This is a tough situation, right? The patient has been harmed by a treatment that should have helped them heal, and the doctor or hospital is being attacked for recommending and practicing the best course of treatment. The patient needs the money from the lawsuit to survive, but the doctor needs his or her reputation in tact to continue practicing medicine. Who is at fault? Who needs the most protection?
In the past several years, the relationship between doctor and patient has been inherently antagonistic in many states. But in the past several months, Massachusetts has set forth a new plan aimed, at least on the surface, at crossing the divide between the two parties. In short, Massachusetts has proposed that doctors apologize for their errors.
Medical apology is revolutionary to many. Conventional wisdom in the medical world says that if a doctor apologizes for error, he or she puts himself at greater risk of malpractice lawsuits, because the doctor is admitting legal liability. So stand your ground and don’t apologize.
Psychologically, however, apologies work wonders for both parties. In an article from 2002, in Psychology Today:
Apology is not just a social nicety. It is an important ritual, a way of showing respect and empathy for the wronged person. It is also a way of acknowledging an act that, if otherwise left unnoticed, might compromise the relationship. Apology has the ability to disarm others of their anger and to prevent further misunderstandings. While an apology cannot undo harmful past actions, if done sincerely and effectively, it can undo the negative effects of those actions.
From a psychological perspective, if a doctor apologizes, that simple action can help the patient let go of their anger and move toward recovery much faster. And ultimately, doctors want their patients to heal.
An article in the Boston Globe testifies to this very phenomenon. Dr. J. David Blaha, professor of orthopedic surgery at the University of Michigan, has been apologizing to patients for years. The University of Michigan, ten years ago, put in a large-scale medical apology program, insisting that staff discuss errors, offer an apology, and move toward monetary settlement when appropriate. Blaha himself has worked closely with patients to not only apologize, but discuss what went wrong. From the Boston Globe:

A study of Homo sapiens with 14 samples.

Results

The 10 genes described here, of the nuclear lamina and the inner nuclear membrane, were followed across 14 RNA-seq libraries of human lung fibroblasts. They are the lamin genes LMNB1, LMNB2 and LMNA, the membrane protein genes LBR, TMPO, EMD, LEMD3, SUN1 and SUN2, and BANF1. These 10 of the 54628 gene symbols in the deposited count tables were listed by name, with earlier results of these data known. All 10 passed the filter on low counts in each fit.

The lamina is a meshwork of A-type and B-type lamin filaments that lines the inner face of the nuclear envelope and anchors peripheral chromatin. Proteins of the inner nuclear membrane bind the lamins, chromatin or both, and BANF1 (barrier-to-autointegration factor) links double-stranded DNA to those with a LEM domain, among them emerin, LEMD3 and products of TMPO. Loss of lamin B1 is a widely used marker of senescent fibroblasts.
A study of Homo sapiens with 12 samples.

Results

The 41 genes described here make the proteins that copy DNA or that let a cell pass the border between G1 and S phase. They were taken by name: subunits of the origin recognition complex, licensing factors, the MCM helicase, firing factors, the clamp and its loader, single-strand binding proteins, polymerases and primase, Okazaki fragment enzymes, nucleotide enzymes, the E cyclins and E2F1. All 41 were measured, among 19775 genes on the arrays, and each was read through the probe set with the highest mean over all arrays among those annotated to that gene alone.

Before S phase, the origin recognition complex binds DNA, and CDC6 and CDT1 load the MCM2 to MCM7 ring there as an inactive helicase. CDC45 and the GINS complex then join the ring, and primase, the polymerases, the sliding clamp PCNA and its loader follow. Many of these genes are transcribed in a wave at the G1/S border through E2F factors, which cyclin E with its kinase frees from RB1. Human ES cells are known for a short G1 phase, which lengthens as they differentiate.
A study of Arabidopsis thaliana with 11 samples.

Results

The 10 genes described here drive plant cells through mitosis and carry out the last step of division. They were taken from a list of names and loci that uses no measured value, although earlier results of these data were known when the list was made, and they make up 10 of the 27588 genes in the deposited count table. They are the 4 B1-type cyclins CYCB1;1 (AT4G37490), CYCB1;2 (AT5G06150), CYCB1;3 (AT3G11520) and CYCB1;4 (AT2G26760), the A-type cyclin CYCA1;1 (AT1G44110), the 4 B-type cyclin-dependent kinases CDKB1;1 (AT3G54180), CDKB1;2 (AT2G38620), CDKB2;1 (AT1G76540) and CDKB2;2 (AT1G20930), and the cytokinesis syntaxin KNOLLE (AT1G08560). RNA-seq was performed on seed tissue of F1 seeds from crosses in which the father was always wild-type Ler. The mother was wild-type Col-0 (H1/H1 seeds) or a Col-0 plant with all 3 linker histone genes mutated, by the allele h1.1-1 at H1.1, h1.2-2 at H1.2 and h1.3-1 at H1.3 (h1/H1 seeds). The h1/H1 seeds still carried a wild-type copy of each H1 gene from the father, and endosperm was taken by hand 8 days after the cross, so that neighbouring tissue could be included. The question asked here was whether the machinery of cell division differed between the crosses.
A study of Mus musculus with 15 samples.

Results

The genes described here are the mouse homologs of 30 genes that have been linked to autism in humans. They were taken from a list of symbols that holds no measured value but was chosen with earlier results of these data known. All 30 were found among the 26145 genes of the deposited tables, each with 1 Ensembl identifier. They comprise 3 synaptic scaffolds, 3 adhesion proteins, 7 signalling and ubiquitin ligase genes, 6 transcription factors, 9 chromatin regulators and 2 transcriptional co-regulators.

“At the end of the day, he’s satisfied. I’m satisfied,” said Blaha, who sits on the hospital’s medical liability review committee, which provides advice to hospital attorneys about whether a patient’s care was appropriate. The committee also reviews cases in which patients fall, receive the wrong medication, or experience other errors, to look for ways to avoid such events in the future.
But, this new initiative has many critics. One of the most vocal is Gabriel H. Teninbaum, who states that the Massachusetts initiative in particular is not aimed at patient well-being, but at saving money. He says in an article:
The road map determined that, to gain acceptance, it must “emphasize that the motive . . . is to support patients and provide safer care, not save money.” Yet, when the designers of the program were asked by researchers what was appealing to them about it, only 37 percent said because it “serves patients’ needs better.” By contrast, 74 percent said it was appealing because it would “reduce legal costs/risk.” Put differently, it’s about money, not patients; except when the press is asking. Then, it’s about patients, not money.
By settling early, the monetary compensation awarded to patients is reduced, which means patients may not receive all the money they need to survive. Not only that, but the case never goes to court, and is never publicized, so hospitals can more easily cover up the malpractice, as well as save on lawyers’ fees.
In a podcast for the Legal Talk Network, Teninbaum elaborates with a story from the famous University of Michigan. A woman was misdiagnosed for several months before doctors discovered she had breast cancer. The hospital estimated that she would request up to $3 million, so they brought her in and apologized to her. She was considering suing for $2 million, and rather than agree on that sum, the hospital used the apology, and her newfound good will toward them, as leverage to negotiate her compensation to under $1 million, and no lawyers were involved.
Without legal counsel, patients can become easy prey for hospitals, which in the current economic crisis are trying to find more and more ways to save money.
While not all doctors and hospitals are out to manipulate patients out of legal settlements, many could misuse this practice simply for the sake of cutting costs. If you or a loved one have been injured by a prescribed course of treatment, the experienced lawyers at Strom Law, LLC can help. Our staff has worked with many clients on medical malpractice suits, and can get you the help you need. Even if you choose not to retain us as your attorneys, it is important to get a “second opinion.” Please contact us today for a free consultation. We can help you on the road to recovery.